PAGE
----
Film processing
Film processing
Film processing

This is How You Process Black and White Film

If you’ve got your chemistry, your equipment, and your exposed film, now you’re ready to process black and white film! You can check out our guide to all the things you will need to start processing your own film if you haven’t.

Load the film

Let’s start with loading the film. This needs to be done in complete darkness. If you have a dark room thats perfect, to make things easy in the dark, lay your developing tank out in front of  you with the lid off and the reel removed. If you don’t have a dark space, you can use a changing bag for this step, just place all the bits inside the changing bag. You will also need a film canister opener (for 35mm), some scissors and your film.

If you are using a changing bag, with all the stuff inside, close both zips and put you arms inside the sleeves. The cuffs should be tight enough around you arms to prevent any light getting in. If you are in a dark room, just turn off the lights.

Now open your film. Use an opener on 35mm to remove the top ring of the film canister and pull out the wound roll of film. Carefully cut the the tongue of the film, leaving you with a straight edge that goes all the way across the surface. 120 film will unwind easily once you break the seal.

Now pick up the reel and make sure you can feel both notches on the outer edge are aligned. You then need to slide the end of the film under the two notches until you feel it catch the sprocket holes. If the film has gone in straight you will be able to turn both sides of the reel in an alternate back and forth motion, which will move the film along as you go.

We would definitely recommend getting some exposed film to try this out in the light for the first time. Once you get the hang of it you’ll be loading the reels without thinking, but it can be tricky the first time.

Once the film is on the reel you need to put it inside the tank. After the reel is in put the lid on and turn it until it locks in place. You’re developing tank is now light tight and it’s safe to turn the lights on, or take the tank out of the changing bag.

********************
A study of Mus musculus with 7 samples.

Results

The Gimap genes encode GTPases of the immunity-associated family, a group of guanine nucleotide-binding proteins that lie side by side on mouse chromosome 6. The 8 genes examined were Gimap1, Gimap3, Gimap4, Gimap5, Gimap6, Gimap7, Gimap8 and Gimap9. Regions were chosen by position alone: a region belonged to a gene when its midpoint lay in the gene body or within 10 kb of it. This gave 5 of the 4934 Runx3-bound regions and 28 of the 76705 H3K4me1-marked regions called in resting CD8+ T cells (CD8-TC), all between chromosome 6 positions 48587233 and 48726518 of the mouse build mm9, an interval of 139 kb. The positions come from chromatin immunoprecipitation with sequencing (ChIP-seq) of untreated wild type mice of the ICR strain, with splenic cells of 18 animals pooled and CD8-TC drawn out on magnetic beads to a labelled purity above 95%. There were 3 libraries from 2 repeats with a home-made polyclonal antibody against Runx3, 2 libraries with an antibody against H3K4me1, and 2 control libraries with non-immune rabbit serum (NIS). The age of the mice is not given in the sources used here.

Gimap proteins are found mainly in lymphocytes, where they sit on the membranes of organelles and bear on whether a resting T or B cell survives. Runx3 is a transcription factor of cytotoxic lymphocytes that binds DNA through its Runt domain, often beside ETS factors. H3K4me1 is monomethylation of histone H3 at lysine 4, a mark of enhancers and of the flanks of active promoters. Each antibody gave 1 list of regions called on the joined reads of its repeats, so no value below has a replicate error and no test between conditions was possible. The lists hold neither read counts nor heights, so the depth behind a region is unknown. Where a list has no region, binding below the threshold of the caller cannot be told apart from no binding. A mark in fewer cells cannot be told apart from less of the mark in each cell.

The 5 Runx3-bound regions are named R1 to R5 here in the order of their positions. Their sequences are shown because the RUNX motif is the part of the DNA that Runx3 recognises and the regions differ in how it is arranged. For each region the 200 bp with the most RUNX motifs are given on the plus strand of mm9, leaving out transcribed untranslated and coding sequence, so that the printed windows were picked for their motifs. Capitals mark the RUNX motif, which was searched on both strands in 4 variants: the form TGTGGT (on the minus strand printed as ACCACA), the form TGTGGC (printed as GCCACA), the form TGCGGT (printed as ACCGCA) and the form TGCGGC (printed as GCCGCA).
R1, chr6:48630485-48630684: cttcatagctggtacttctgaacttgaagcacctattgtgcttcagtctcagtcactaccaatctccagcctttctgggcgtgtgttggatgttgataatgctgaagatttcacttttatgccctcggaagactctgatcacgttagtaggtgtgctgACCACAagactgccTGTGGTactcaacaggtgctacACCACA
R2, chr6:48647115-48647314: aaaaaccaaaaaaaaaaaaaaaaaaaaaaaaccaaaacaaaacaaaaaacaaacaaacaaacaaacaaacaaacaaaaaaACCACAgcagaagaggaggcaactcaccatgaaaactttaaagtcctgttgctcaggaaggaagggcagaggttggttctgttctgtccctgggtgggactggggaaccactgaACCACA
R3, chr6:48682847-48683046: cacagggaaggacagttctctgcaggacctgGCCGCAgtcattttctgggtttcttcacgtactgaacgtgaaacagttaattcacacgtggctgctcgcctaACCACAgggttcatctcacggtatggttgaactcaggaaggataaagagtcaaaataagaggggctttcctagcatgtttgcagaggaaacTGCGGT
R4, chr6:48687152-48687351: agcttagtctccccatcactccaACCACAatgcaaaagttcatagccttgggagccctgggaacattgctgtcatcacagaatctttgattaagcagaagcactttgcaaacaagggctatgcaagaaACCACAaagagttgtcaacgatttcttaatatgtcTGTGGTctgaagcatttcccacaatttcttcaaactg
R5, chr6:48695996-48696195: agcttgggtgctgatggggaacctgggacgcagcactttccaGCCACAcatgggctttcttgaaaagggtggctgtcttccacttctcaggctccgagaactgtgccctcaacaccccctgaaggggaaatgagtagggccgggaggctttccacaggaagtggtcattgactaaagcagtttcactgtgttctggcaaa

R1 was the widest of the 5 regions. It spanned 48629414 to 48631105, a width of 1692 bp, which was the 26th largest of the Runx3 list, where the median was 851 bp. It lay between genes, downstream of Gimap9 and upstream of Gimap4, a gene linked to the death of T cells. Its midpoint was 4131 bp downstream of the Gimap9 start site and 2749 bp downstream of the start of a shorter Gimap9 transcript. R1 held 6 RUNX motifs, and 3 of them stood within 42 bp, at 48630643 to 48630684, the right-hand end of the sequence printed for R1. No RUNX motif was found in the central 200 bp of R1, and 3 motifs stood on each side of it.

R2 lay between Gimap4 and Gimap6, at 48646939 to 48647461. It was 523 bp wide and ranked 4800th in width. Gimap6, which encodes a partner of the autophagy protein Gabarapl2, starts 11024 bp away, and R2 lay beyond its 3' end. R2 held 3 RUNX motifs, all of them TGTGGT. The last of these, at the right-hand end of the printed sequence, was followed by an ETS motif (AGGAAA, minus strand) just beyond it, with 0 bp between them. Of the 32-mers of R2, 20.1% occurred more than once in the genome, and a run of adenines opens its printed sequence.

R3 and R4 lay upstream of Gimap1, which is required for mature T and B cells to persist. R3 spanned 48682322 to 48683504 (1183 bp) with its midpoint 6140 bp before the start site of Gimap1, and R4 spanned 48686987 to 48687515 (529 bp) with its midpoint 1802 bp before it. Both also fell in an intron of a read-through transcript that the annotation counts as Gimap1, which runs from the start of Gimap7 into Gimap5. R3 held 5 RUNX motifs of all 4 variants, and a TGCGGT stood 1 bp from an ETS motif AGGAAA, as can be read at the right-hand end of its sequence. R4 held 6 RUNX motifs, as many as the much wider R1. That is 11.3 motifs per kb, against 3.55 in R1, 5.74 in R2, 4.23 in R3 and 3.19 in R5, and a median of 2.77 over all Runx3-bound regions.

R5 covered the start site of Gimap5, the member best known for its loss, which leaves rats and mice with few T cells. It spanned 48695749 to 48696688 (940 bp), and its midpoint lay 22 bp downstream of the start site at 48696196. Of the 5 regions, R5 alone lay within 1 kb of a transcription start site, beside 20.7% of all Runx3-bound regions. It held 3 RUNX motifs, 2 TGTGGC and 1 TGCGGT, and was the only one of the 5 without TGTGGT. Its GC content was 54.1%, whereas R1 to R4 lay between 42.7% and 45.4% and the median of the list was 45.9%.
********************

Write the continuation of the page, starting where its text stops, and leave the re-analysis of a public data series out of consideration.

Mix up your chemistry

The specifics of this will depend on which chemicals you have chosen. You can usually find the dilution ratio for chemistry on its label. With this you can work out how much you will need in relation to water. You will need 300ml of developer, stop and fix per 35mm film, and 500ml per 120 film.

So say your developer has a dilution ratio of 1+9 and you have one 35mm film to develop. You would divide 300ml by 10 (the total of 1+9), and this would tell you you need to mix 30ml of developer with 270ml of water. Repeat this for the three different chemicals.

Each chemical will also give you the time it takes to work and temperature it works best at.When processing black and white film the standard temperature is 20°. It’s best to get your water to the right temperature first, then add in the chemistry. If you find it is warmer or cooler than it should be once mixed up just sit your jug in warm water to heat it up or cold water to cool it down.

If you’ve got three jugs you can mix up your developer, stop bath and fixer so they are all ready to go.

Develop Black and White film

You’re now ready to develop your film. Every film and developer combination has a specific developing time so make sure you know exactly how long your film will need. Set a timer going (a clock or your phone works fine for this) and slowly pour the developer into the central funnel of the processing tank. Once it is all in securely fit the flat lid.

Throughout development you will need to agitate the tank. This makes sure the film gets evenly developed. Agitate by turning the tank upside down, then back up again. Do this for the duration of the first minute. Once the minute is up bang the bottom of the tank against a hard surface. This will dislodge any air bubbles on the film.Continue agitating for the first 10-15 seconds of each minute until the full development time has passed.

This is the standard agitation, but some developers may have instructions for other methods. After some experimenting you can find the one that works best for the results you’re after.

As the development time nears the end get ready to pour out your developer. A one-shot developer, such as should be discarded. Reusable developer can be put into a airtight plastic bottle to be used again.

Stop

Now quickly pour in the diluted stop bath. This will completely stop the development. Agitate the stop for a minute and pour back in to a storage bottle. Stop can be reused many times.

Fix your film

Next pour in your fix and again agitate for the first minute. Fixing will take up to about 5 minutes. Fix can be used again so pour it out into a bottle once the film is fully fixed. About half way though fixing the film will be safe to look at in the light if you can’t wait to see it. Make sure you give it the full time though.

Wash and hang up to dry

Now the film is fixed you need to  wash it. Just leave the tank under running water for 10-20 minutes.

When the film is has been through the wash, fill the tank with water and put a couple of drops of wetting agent in. Leave to soak for a minute then hang up to dry.

You can use your fingers, chamois leather or squeegees to wipe the excess water from the film before hanging up to dry.

That is all there is too it. You should now be able to see your fully developed film. If you have had any problems feel free to contact us and we will try work out what went wrong.